At the close of the Spanish-American War the United States found itself in possession of a colonial empire. The role played by the American Catholic Church in influencing administrative policy for the new, and predominately Catholic, dependencies is the subject of this incisive study by Frank T. Reuter.
Reuter discusses the centuries-old intricate involvement of the Spanish crown and the native Roman Catholic Church in the civil, social, and charitable institutions of Cuba, Puerto Rico, Guam, and the Philippines. He explores the attempts of United States officials to apply the traditional doctrine of separation of church and state in resolving the problems of a Church-run school system, the alleged desecration of native Catholic churches by American forces in the Philippines, the native antagonism toward the Spanish friars, and the disposition of Church property in dependencies with a deeply rooted correlation between the Catholic Church and the state.
Recounting the development of the Catholic Church in America, which felt responsible for maintaining the islands’ religious structure after Spanish control was removed, Reuter sees the reaction of the Church to the war with Spain and to colonial policy in the early postwar period as voiced not by a monolithic political force, but by diverse spokesmen—in particular the unofficial voice of the Catholic press. He traces the growth of the Church in the United States from a disparate group of dioceses clinging to European backgrounds, disunited by a divided hierarchy, and attacked by the wave of the anti-Catholic, nativistic sentiments of the last two decades of the nineteenth century, to a church body unified by the problems in the colonies. Catholic opinion, although not utilized to its full political potential, achieved a common focus through the formation of the Federation of American Catholic Societies and the debate in Congress over the Philippine Government Bill.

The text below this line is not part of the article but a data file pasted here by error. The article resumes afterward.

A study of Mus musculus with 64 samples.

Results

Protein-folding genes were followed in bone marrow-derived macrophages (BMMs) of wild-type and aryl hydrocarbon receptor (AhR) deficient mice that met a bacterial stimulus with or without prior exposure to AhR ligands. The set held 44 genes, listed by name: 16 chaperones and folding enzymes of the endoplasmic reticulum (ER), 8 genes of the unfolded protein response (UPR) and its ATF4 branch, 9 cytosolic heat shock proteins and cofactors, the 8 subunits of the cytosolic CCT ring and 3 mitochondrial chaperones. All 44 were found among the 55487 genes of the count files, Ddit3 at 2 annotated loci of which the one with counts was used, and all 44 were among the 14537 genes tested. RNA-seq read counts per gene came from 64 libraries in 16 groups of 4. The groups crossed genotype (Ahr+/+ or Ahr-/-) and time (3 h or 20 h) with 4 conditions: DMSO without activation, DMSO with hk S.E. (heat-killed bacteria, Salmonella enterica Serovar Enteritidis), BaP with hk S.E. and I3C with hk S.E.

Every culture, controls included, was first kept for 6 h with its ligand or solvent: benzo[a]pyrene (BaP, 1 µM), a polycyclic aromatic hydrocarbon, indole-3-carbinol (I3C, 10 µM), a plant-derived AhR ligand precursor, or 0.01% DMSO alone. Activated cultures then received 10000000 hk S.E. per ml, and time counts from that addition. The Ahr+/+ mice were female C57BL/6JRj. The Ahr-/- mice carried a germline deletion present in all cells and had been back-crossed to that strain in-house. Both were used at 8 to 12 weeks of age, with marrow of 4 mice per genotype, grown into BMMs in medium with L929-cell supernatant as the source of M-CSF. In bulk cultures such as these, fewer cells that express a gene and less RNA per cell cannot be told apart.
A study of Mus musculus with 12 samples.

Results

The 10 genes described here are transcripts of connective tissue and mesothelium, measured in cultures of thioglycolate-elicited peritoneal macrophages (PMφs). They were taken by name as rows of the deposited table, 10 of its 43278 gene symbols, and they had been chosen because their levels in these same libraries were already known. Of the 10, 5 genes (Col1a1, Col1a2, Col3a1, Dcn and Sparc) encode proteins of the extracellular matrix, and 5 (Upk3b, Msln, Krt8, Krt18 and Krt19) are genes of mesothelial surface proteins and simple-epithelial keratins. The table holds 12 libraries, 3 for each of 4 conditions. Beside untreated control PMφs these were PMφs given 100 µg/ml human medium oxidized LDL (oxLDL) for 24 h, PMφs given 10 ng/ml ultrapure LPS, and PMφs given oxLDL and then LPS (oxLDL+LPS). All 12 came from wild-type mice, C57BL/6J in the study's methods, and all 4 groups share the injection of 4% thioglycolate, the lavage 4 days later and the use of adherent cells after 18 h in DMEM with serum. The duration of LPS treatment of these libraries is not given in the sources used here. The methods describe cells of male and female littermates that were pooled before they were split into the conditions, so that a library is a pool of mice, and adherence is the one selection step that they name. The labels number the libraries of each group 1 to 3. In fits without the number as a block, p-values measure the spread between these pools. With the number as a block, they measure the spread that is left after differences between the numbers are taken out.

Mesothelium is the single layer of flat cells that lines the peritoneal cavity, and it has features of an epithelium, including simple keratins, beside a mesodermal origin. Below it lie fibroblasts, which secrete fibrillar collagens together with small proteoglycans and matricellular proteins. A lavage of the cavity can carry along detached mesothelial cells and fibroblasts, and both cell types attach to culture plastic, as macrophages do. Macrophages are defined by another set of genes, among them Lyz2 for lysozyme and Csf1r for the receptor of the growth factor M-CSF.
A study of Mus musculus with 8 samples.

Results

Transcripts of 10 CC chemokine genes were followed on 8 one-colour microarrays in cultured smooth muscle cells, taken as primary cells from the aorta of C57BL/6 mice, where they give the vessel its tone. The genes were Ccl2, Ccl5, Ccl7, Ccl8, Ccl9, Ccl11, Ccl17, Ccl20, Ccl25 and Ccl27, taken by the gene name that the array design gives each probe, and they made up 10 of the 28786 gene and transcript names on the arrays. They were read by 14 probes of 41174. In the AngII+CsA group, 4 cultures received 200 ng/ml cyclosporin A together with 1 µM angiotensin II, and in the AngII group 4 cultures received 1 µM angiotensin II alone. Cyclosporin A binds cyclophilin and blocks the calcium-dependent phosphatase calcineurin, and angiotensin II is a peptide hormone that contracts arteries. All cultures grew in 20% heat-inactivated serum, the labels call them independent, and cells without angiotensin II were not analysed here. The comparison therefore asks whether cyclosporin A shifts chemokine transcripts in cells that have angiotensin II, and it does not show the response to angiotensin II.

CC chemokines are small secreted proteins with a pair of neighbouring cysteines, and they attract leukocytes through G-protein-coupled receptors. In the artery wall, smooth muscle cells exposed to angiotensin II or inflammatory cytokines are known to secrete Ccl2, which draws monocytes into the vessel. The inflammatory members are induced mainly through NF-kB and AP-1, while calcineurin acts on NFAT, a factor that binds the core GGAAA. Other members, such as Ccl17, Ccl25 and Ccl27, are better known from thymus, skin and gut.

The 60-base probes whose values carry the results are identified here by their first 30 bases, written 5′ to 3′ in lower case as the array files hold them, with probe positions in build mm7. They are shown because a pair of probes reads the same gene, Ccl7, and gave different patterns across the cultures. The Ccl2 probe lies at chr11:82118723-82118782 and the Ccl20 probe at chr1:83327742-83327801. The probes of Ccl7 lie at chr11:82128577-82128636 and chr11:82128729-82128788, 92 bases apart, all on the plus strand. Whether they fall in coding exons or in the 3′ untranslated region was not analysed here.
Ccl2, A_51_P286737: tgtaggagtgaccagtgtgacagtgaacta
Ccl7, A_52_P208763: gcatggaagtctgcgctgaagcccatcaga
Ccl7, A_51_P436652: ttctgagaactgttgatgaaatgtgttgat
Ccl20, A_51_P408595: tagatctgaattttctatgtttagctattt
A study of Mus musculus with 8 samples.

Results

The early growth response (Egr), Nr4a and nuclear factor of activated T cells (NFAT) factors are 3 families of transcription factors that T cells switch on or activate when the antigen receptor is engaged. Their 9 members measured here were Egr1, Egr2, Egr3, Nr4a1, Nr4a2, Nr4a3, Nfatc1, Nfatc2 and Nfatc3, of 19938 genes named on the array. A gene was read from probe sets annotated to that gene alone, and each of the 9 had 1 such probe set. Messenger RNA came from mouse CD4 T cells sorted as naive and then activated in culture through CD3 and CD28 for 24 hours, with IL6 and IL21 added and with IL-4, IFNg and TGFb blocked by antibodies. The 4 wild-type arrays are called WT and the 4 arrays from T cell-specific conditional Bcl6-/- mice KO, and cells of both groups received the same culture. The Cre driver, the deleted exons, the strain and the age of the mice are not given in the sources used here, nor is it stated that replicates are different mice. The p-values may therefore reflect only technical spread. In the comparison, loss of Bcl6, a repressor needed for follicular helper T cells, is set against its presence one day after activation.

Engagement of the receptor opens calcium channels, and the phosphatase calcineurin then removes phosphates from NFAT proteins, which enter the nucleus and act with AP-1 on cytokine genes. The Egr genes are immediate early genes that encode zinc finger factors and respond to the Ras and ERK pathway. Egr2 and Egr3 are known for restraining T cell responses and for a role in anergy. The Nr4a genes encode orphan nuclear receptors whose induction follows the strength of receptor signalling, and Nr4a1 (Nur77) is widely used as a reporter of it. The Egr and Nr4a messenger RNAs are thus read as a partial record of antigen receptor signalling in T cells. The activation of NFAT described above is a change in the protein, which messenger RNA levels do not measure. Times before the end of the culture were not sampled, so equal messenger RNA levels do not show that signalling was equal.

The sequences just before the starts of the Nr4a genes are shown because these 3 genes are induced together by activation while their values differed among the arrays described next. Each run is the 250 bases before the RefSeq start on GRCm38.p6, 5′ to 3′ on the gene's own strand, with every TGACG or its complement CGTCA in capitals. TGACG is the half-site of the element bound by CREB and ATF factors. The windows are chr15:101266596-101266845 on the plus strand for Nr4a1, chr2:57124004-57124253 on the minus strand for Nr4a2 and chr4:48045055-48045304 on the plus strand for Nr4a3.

This study of American and native Catholic attitudes toward the formulation of United States policy in the insular dependencies and the attitude of the United States government toward the Catholic interests in the dependencies details the interplay of personalities and organizations: Presidents William McKinley and Theodore Roosevelt; William Howard Taft, civil governor of the Philippines; James Cardinal Gibbons, moderator between Catholic factions and official spokesman of the hierarchy to the Papacy and the United States government; Archbishop Placide L. Chapelle, apostolic delegate of the Vatican to the Philippines; Archbishop John Ireland, friend of President McKinley; the Philippine Commissions; and the Taft Mission to the Vatican in 1902.